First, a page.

The muggles of the Harry Potter world rarely get a spotlight throughout the series although their bravery (or lack of) is commendable to say the least.
There is no shortness of courage and bravery within the world of Harry Potter, both in the films and books. Although bravery is subjective, there’s an untold bravery required to exist in this world, especially as someone who lacks magic.
The Dursley family in general carries less a sense of bravery rather than pure audacity so in the frame of “bravery,” this family of muggles is the least brave in the franchise, with their only bravery being to risk being so rude to wizards. Starting with Aunt Marge, clearly abuse and rudeness are traits innate to this family and she does not fall short in that category. After constant berating of Harry and the insults to his deceased parents, her short-lived cameo in Prisoner of Azkaban got her exactly what she deserved, getting blown up like a balloon.
Vernon isn’t brave, but is willing to risk magical retribution for his horrible treatment of Harry, beginning with physically keeping Harry locked in a room under the stairs, to the lengths he took to keep Harry away from Hogwarts all in Sorcerer’s Stone (or Philosopher’s).
Continuing on his high horse of pride and ego, Vernon then continues to try to keep Harry locked up, knowing the amount of powerful witches, wizards, and magical creatures that stood behind Harry. As a non-magic human with nothing but flesh and blood to protect him, it was a huge risk for Vernon to keep being a horrendous person who exists in a world of magic that could harm him, time and time again.
Dudley was easily unlikeable considering he was spoiled and vile toward Harry almost always. Over time, less blame is placed upon Dudley when the realization occurs that he was merely raised and conditioned under spoiled tendencies and his parents’ hate toward Harry and magic. Dudley carries his “bravery” to no surprise, by choosing to be a menace to someone who carries significantly more power than him – and the mending of their relationship later on in the series allows some grace to be held for him. Even though Harry saved his life and that was the only reason Dudley decided to stop hating him, maybe it’s because someone showed him genuine compassion for once.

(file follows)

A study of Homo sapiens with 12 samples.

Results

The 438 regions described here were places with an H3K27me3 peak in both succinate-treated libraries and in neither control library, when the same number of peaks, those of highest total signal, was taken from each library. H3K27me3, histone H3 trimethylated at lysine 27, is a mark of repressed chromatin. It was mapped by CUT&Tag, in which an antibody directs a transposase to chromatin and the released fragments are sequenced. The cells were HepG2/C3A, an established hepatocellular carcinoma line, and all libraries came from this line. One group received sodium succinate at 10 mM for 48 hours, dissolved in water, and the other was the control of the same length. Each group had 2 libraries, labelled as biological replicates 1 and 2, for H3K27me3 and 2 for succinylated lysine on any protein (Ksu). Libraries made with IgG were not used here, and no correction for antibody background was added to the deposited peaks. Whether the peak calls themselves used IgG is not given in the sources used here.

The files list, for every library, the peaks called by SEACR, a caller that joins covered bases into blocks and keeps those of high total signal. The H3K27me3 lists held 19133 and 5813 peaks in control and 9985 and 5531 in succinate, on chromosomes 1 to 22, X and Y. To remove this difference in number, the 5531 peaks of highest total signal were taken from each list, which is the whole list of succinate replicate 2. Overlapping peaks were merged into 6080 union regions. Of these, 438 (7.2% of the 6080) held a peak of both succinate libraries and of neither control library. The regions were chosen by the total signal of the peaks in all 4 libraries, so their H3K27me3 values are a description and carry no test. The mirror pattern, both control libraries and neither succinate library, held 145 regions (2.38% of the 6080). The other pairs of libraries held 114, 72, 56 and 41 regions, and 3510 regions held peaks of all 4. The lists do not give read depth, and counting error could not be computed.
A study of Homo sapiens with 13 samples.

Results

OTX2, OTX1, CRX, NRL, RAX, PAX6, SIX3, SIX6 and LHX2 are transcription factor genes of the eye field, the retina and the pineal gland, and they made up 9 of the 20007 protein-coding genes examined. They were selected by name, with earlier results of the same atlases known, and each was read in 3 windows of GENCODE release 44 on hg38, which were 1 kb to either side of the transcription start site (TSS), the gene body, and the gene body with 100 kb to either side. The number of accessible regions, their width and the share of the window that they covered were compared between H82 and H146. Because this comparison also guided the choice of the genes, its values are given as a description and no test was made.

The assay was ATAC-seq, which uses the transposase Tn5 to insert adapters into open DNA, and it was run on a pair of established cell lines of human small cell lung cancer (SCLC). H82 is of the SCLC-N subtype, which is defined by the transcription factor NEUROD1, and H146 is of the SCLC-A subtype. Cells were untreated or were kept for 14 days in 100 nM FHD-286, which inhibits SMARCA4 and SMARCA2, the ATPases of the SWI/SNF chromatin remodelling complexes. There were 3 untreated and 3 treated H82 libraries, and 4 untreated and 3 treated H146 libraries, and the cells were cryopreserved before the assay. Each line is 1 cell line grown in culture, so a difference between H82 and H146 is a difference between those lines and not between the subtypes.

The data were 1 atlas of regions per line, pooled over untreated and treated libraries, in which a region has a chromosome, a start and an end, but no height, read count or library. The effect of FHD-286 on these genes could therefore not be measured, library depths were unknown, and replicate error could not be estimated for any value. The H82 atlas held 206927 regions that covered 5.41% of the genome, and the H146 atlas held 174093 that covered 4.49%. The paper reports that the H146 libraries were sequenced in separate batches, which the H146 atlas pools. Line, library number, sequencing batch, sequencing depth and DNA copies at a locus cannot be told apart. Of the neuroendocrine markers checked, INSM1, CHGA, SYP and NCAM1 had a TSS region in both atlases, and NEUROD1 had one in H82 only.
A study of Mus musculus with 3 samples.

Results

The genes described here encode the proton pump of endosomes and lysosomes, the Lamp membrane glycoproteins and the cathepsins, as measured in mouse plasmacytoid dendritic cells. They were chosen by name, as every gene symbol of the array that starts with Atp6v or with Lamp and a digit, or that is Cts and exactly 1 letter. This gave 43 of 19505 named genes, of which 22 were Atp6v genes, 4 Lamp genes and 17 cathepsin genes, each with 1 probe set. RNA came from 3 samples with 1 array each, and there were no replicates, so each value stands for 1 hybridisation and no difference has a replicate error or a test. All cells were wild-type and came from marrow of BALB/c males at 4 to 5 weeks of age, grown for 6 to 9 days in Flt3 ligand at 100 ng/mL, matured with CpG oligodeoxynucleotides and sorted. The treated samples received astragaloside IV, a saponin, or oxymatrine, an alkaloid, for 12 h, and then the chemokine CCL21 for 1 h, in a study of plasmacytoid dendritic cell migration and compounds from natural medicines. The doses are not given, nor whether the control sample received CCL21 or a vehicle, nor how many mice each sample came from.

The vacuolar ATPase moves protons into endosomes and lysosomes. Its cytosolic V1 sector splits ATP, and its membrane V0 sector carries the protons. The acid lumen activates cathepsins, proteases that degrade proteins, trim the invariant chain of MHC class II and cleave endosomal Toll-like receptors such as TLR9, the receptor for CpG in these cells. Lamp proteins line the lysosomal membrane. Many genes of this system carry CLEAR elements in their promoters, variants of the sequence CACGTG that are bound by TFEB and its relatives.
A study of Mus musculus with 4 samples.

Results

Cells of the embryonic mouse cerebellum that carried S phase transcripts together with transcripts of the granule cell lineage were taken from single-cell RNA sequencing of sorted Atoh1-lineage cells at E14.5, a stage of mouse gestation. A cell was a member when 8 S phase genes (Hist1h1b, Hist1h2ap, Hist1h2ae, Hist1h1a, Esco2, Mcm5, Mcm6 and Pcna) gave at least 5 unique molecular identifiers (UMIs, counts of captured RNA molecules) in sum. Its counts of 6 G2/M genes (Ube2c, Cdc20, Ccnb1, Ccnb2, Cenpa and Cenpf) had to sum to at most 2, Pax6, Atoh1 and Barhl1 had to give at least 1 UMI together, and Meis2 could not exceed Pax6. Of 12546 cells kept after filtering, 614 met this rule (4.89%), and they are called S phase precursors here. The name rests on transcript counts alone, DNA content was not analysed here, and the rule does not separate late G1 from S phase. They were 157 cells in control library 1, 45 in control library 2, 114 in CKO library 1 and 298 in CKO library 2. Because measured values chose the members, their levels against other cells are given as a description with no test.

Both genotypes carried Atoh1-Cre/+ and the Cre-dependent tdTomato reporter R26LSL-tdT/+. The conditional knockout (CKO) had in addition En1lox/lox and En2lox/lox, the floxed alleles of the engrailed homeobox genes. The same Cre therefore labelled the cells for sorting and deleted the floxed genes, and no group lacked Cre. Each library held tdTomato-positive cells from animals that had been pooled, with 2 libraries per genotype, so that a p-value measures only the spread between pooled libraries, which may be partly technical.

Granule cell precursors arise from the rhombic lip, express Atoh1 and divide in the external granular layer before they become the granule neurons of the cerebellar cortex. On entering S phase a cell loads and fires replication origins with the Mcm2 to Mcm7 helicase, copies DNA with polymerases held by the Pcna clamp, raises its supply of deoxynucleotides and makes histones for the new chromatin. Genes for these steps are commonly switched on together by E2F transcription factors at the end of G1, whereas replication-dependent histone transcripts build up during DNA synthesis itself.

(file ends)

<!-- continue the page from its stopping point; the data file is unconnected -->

The Prime Minister
Although the Prime Minister believed and knew that the wizarding world was real, he didn’t necessarily want anything to do with it. He was unfortunately roped into dealing with Cornelius Fudge at the Ministry of Magic and it’s fair to say that he buried his head in the sand about the wizarding world, so much so that he tried to convince himself that Fudge was a hallucination – but his bravery emerges by being a muggle overall graced with this knowledge. The Prime Minister more so has a forced bravery thrust upon him rather than self-generated but to know details of the wizarding world and having to act on those potential threats to human lives requires a sense of bravery that not everyone could have dealt with.
The campsite owner at the Quidditch World Cup, Mr. Roberts, also carried a sense of bravery forced upon him but it was more so obliviousness over anything else. In fact, had to be constantly Obliviated thanks to his suspicions about his new guests (the witches and wizards), and probably came out of the whole thing pretty dazed and confused when he was just trying to do his job as a groundskeeper. Still, props will be given to him in a false sense of bravery (or obliviousness) to allow the wizards their space for Quidditch as well as for the torment he and his family endured soon after by the Death Eaters in the riot.